Royal Red Shrimp

Food and Travel,Ingredient,Regional Food
September 18, 2012

Royal Red shrimp go anywhere shrimp goes—in pasta or a scampi, or a kebab, but they also stand in for lobster or crab.

When dinnertime rolls around and you’re thinking about fish, you’re not thinking about some generic finny thing. You’re thinking about salmon, or grouper, or Arctic char. Fish come in all colors, shapes, cuts, seasons, and sustainability ratings, but shrimp? Small, medium, and large. 

At least that’s what I thought.  But then I heard about Royal Red shrimp, a species from the Gulf of Mexico. They’re different from other shrimp, I was told. They’re more like lobster, in both flavor and texture. “Sure,” I thought, “That’s what they said about monkfish.”

There was only one thing for it, so I convened a super-scientific tasting for me and five food-oriented friends, and we tasted Royal Reds, blind, alongside several other kinds of shrimp. Sure enough, Royal Reds were the top choice of five out of six of us. “Succulent.” “Sweet.” “Delicate.” Those were some of the descriptions. And, yes, “Lobster-like.”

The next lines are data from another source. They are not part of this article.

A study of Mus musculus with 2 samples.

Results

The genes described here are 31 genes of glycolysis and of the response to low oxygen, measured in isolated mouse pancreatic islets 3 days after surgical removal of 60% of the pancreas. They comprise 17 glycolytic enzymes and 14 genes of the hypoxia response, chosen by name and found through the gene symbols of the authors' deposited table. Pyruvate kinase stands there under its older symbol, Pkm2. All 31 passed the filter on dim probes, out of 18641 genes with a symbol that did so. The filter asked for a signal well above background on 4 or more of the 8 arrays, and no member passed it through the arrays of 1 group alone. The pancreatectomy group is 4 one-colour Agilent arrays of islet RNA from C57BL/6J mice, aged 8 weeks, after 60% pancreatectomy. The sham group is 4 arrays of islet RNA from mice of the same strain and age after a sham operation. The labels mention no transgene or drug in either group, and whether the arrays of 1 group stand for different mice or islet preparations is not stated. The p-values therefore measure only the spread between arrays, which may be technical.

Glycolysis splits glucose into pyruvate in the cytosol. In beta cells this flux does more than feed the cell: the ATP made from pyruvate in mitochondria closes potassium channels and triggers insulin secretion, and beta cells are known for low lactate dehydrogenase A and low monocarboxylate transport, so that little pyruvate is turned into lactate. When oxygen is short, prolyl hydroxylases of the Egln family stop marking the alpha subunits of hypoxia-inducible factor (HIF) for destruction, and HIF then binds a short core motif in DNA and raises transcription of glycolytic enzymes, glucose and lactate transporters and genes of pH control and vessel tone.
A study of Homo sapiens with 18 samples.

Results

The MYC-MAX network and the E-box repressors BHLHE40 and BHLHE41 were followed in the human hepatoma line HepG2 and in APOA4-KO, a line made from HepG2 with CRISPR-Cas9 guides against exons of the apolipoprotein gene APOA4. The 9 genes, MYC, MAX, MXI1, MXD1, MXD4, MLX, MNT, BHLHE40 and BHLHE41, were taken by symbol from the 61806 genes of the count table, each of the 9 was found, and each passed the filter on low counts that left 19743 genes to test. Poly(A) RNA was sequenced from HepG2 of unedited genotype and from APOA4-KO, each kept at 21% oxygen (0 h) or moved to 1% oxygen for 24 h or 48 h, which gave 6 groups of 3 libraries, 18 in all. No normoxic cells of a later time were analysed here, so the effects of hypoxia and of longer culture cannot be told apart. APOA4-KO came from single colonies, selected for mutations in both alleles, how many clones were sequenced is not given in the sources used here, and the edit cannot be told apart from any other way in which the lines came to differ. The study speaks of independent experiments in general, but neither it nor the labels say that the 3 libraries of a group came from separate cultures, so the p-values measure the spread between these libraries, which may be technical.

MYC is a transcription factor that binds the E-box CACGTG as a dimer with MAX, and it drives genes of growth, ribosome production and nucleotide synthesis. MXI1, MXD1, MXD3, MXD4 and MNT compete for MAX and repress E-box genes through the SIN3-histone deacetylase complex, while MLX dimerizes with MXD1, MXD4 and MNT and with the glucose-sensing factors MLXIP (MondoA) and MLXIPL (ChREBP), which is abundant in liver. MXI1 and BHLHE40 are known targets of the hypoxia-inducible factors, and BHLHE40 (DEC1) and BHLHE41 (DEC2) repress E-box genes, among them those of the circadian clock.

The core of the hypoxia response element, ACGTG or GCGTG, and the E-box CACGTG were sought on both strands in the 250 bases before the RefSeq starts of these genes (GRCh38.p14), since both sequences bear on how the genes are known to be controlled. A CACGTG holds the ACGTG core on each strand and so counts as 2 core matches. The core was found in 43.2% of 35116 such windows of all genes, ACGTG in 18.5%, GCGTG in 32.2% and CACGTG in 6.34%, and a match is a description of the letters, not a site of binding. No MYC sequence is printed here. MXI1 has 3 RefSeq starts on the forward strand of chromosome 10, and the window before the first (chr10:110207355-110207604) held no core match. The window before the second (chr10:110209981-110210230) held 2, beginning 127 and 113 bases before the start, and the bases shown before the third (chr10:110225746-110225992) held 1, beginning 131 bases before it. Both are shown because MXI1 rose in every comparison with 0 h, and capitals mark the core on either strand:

I’m a believer.   

Royal Reds have a flavor that’s salty and sweet, and a texture without the characteristic hard crunch of other shrimp. While it’s certainly plausible that they got the “Royal” in their name from their cut-above taste, I’m thinking it’s because they’re a royal pain to harvest. They live on the seabed at least 600 feet down, and sometime almost half a mile.  Shrimpers licensed to harvest them have to go far offshore, and send nets very deep. 

And there aren’t many of those shrimpers – licenses are limited to ensure the health of the fishery. Like all Gulf shrimp, Royal Reds are harvested sustainably. 

Traditionally, you boil your Royal Reds, head on, and serve them peel-and-eat style, but tradition’s just another word for what other people do. They’ll go anywhere shrimp goes—in pasta or a scampi, or a kebab, but they also stand in for lobster or crab. 

The only downside?  There’s only one size.

 

—By Tamar Haspel, a food writer in Marstons Mills, Mass.